Many people seem to fear that they are being manipulated by the news media. Without question, the media influence us — whether by regular news programs or through other entertainment programs that look like news. Consequently, Fox News has come out with the mantra that it is “fair and balanced.” Is it really more balanced than other news media? How would one know?
Before looking at biases in particular news outlets, it is important to distinguish news programs from entertainment programs. Many of the cable channels carry programs that look like news but more often include comment rather than hard news. The issue is journalism versus entertainment.
We also need to separate editorial pages from news pages. For example, the New York Times editorial pages demonstrate a bias that recommends the government get more involved in solving problems. In other words, the editorials are liberal and anti-Republican. The news pages, however, are much more balanced.
Talk radio hosts are largely conservative and do not hesitate to blast other media for being unfair. For example, Rush Limbaugh claims that he is the only source people need for understanding political issues. However, following his advice would be doing oneself a disservice and is wrong. Never limit yourself to one source of news.
Fox News consistently has a more conservative bias that slips into news stories. MSNBC is on the other side. Some say that CNN is liberal, but I have not seen much of that in the actual stories. My comment on NPR is similar.
However, particular biases within news stories are less of a concern for me than what stories are covered. The media do not tell us how to think — at least overtly — but they tell us what to think about. In media studies we call this the agenda setting function of the media. What is reported may be more important than how a story is reported.
At the time I am writing this, the big story according to the news media is the billion-dollar Powerball lottery. We are being told that this story is more important than other stories because it is at the top of the news. Gambling is supposedly exciting, and people are anxious to get a lot of money through no work of their own. Winning is the only story. The fact that often it is the poor who buy the lottery tickets receives no attention. In essence, we are told not to think about the poor, when in fact God calls us to do otherwise.
Donald Trump continues to make headlines with his attacks on others and statements that he cannot back up. He gets so much attention that he claimed at one point that he did not need to advertise because the news media was doing it for them. Apparently the loudest voice gets the notice. Although the media do have some fact-checkers, they often do not cover the thoughtful and quieter opinions of other candidates. Careful reporting of each of the candidates’ positions would serve the people better.
For a long time I have followed events in the Israeli/Palestinian struggle. The media rarely go to Palestine to report on stories — even stories of Palestinians who were killed by Israeli bombs. Instead, the reporting is done from Israel. Rarely are we given pictures of Israelis destroying Palestinian homes, but if a Palestinian kills an Israeli, that is reported. By choosing what to report in this struggle, the media are influencing how people think.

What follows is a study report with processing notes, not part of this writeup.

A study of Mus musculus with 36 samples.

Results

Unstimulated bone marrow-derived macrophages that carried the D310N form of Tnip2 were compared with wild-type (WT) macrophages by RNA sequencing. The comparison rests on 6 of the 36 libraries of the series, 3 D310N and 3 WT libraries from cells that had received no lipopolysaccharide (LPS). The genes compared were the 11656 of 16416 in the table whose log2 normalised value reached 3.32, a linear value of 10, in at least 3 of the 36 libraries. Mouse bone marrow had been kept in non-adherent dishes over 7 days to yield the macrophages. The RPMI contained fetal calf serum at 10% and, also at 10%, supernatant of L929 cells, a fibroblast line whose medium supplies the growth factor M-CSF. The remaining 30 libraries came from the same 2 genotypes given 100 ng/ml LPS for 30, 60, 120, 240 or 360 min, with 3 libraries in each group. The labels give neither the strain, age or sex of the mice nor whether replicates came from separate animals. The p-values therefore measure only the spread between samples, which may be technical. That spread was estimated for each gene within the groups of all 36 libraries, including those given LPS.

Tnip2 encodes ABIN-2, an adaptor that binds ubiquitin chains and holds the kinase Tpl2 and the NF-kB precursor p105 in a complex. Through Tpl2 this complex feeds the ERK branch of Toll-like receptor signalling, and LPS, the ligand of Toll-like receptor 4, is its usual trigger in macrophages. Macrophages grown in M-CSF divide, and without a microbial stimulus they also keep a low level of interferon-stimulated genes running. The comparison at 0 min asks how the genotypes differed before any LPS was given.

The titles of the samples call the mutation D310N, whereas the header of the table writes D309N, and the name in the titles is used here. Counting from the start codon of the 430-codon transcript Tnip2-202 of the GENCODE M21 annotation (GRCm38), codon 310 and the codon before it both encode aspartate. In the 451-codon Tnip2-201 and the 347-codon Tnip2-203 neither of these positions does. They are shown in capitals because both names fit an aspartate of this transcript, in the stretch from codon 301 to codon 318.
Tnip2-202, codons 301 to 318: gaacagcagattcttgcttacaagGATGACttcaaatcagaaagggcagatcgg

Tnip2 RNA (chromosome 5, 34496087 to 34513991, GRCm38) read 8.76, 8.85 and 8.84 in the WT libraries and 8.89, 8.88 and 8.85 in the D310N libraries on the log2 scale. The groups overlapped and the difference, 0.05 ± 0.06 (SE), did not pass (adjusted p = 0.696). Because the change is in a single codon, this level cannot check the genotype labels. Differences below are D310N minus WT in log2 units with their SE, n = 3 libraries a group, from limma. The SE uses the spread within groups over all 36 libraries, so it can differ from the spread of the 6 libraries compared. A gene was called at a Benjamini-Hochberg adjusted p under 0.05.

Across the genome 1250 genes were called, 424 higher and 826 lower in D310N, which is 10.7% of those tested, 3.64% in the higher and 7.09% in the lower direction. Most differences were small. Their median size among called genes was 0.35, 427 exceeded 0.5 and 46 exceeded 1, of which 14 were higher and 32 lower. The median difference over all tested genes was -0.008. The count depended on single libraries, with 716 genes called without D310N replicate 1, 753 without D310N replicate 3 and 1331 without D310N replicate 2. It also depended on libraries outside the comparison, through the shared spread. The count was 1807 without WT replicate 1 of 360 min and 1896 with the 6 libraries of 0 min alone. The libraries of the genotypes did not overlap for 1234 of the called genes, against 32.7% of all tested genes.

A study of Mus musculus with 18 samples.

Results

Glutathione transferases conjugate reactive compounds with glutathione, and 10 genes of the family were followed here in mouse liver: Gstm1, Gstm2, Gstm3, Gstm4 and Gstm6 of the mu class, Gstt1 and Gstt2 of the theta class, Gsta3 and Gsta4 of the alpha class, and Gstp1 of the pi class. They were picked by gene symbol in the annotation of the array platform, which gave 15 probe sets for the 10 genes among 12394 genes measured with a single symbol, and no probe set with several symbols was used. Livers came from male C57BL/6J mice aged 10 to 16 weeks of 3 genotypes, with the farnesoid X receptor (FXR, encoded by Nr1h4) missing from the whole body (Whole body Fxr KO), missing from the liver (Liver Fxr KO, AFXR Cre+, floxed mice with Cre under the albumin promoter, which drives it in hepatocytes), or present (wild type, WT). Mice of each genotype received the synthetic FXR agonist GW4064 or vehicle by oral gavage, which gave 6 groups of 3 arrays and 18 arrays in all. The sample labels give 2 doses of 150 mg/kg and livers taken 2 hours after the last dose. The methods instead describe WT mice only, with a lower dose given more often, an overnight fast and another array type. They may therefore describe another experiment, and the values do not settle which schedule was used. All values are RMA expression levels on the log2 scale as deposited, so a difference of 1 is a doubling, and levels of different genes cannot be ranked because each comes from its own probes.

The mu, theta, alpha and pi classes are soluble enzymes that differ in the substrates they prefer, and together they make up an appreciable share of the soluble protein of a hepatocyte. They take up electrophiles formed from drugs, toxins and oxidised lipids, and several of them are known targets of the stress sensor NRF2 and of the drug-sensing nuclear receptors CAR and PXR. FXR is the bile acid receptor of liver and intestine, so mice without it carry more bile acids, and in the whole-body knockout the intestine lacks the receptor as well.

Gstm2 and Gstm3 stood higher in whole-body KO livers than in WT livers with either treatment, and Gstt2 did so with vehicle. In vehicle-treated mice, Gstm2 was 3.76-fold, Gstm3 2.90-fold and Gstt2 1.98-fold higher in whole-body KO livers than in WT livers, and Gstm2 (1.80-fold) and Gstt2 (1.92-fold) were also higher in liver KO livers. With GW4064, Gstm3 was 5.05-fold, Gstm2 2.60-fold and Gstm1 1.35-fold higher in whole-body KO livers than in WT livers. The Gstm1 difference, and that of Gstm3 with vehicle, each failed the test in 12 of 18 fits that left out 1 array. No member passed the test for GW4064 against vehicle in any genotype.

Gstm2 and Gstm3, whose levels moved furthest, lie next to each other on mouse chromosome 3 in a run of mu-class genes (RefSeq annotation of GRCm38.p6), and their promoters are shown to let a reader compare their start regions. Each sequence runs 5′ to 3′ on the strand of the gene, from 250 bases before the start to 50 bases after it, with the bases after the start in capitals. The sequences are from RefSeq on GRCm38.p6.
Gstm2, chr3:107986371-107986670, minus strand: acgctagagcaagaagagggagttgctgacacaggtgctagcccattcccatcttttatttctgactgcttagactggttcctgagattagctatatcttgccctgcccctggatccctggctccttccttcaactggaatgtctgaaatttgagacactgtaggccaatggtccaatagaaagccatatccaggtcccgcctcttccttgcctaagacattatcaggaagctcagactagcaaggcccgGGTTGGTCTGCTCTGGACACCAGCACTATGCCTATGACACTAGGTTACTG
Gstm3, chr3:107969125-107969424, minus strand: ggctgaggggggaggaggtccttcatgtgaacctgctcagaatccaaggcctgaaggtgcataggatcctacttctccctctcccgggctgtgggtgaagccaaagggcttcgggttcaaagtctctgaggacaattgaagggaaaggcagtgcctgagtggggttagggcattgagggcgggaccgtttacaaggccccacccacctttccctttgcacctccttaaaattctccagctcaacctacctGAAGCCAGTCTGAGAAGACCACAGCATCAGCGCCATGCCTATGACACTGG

A very significant issue worldwide is the persecution of Christians, but that receives very little coverage in the news media. When I asked some of our Core 399 students to look deeply into this issue in the last two years, most often students were amazed at how much persecution is occurring. They simply did not know about it because the news media do very little with it. By choosing to overlook this problem, the audiences are left with the mistaken understanding that persecution is not a huge problem.
What can be done to counter this agenda-setting function of the media? The above examples demonstrate that we should look first at what stories are provided by the media. Media set the agenda for what people will think about. I suggest that we take greater control of our listening. Often I ask why the media focus on certain stories. Do we really need to hear this? In many cases I simply refuse to listen to some stories — for example, stories about celebrities. On the computer news pages, I try to avoid clicking on links to stories that I do not need.
Pay attention to several news outlets, not only the ones in our country. I regularly check CNN, Fox News, Al Jazeera, New York Times, BBC, NPR, and sometimes the CBC. It is very helpful to see what stories the various networks cover. One soon begins to see the political slant within networks. For example, I have noticed that Fox News will highlight Hillary Clinton’s misuse of email while CNN almost never covers that story. Getting stories from international networks often provides a significantly different view from what we get in the United States.
Surely training people to go into news media is part of our calling, and we are working on that at Dordt. The media belong to God, and He requires responsible use of them — both as senders and receivers. Communication is not one way. We are not sponges who can only soak up whatever comes our way. Thoughtful analysis requires action. Controlling our own listening is first. Then, as responsible Kingdom citizens, we are called to speak the truth.